I started reading this book and was hooked. The storyline, involving a young woman trying to escape (and rescue her friend from) a labor camp in Siberia, was immediately appealing. Well-developed characters, fast-moving plot, detailed historical setting, skillful interweaving of past and present, it had it all.
Unfortunately, the book only went downhill from there.
At face value, it looks good, and The Red Scarf has a lot of potential--so much that I was sorry to see how quickly it devolved. Furnivall has a good grasp of how to write romance if that's what you're looking for, but here, it seems to be at the expense of the plot. Characters' actions have no consequences, so that we have a story set in a brutal world where people are killed or sent to labor camps for little or no reason, yet the main characters can get away with anything, up to and including murder. When misfortune does catch up with them, it usually comes out of the blue, not as a consequence of any of their numerous missteps, only to be too-easily solved. This is exacerbated as the book goes on--I won't spoil it, but at the end we have a couple of bizarre and completely unrealistic events, which Furnivall doesn't even attempt to explain, apparently hoping we won't notice.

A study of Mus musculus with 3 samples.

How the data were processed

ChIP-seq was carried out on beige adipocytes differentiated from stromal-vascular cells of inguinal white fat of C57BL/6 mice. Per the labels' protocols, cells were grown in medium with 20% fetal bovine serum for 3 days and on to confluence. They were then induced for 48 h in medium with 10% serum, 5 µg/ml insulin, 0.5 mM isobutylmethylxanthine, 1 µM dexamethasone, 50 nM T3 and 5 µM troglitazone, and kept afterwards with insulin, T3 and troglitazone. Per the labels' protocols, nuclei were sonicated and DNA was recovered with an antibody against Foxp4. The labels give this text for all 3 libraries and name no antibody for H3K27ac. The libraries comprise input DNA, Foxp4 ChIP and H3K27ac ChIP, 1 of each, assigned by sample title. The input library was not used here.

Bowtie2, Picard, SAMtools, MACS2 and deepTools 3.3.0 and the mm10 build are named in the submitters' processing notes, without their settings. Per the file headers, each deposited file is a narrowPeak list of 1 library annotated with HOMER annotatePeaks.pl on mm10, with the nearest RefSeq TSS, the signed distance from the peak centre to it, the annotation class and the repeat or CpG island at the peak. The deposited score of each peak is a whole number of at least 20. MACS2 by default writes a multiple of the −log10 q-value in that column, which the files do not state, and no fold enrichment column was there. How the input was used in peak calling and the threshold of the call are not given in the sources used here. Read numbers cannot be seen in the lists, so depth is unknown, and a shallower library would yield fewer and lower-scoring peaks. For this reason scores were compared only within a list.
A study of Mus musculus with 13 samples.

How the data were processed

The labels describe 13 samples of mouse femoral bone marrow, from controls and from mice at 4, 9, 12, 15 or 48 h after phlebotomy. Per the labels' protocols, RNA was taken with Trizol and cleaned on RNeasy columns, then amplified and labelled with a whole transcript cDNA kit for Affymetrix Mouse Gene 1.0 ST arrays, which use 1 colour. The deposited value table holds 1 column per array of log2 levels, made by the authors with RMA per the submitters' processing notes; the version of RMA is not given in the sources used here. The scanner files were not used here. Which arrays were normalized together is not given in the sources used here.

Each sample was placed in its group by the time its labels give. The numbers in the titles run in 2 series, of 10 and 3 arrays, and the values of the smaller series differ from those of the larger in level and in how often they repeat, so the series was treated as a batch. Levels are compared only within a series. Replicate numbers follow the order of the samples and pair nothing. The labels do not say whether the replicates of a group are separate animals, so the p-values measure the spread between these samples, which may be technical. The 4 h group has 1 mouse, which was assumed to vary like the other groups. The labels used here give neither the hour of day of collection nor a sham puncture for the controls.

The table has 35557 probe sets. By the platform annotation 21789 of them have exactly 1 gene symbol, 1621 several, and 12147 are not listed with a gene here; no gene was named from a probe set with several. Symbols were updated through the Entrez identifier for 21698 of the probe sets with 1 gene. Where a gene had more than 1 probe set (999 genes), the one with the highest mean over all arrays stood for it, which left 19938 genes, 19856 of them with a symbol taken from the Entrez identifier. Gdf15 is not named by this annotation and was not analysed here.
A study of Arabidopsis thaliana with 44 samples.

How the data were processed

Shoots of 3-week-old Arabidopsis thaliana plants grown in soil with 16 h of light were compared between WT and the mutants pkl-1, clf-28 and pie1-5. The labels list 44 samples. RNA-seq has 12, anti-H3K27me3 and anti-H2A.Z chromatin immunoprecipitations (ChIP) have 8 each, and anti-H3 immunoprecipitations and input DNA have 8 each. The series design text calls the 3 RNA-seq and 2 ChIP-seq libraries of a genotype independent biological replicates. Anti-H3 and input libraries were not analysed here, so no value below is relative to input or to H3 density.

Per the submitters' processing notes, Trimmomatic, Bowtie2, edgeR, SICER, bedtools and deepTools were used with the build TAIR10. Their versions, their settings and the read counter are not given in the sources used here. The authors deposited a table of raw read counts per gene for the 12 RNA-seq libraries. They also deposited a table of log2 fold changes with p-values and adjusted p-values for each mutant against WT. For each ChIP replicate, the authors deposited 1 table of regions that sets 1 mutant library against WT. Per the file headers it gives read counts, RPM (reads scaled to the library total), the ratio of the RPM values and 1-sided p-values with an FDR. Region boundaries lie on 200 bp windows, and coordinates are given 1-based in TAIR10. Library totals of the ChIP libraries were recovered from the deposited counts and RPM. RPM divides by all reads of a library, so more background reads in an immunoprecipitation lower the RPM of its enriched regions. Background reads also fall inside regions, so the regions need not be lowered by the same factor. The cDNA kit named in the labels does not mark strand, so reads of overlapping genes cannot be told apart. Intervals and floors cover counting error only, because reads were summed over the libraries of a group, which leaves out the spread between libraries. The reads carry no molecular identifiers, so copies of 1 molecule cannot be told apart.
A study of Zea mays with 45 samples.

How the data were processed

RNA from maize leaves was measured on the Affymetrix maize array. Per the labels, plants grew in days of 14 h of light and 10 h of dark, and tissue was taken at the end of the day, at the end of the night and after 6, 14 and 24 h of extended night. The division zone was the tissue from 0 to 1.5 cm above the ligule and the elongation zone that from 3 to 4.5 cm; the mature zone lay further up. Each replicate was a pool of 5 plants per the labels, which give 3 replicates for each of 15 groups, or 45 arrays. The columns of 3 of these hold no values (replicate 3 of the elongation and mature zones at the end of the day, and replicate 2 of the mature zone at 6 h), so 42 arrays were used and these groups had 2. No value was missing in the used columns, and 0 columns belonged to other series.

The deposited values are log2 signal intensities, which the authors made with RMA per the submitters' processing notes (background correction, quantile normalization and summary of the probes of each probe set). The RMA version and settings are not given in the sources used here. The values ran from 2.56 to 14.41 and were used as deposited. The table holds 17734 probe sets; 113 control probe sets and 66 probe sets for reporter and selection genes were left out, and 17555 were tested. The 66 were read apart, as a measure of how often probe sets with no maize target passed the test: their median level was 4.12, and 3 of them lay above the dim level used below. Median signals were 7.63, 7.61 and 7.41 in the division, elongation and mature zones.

Then the magic. Don't get me started. This book is set in a real, historical setting, in Russia during a brutal time. So, how to keep the characters from being arrested and killed or starving to death after the Soviet government confiscates all their food "for the good of the people"? Instead of showing us how real people in this time period dealt with these problems, Furnivall's solution is: bring in a gypsy with mind-twisting powers to save the day! It's a cop-out, and I for one felt cheated.
If you don't mind major plot holes, a series of increasingly unrealistic events, and a love story that quickly becomes nauseating for all but the most hardcore romance-novel fans, then this is the book for you. As for the rest of us, though, I don't recommend it.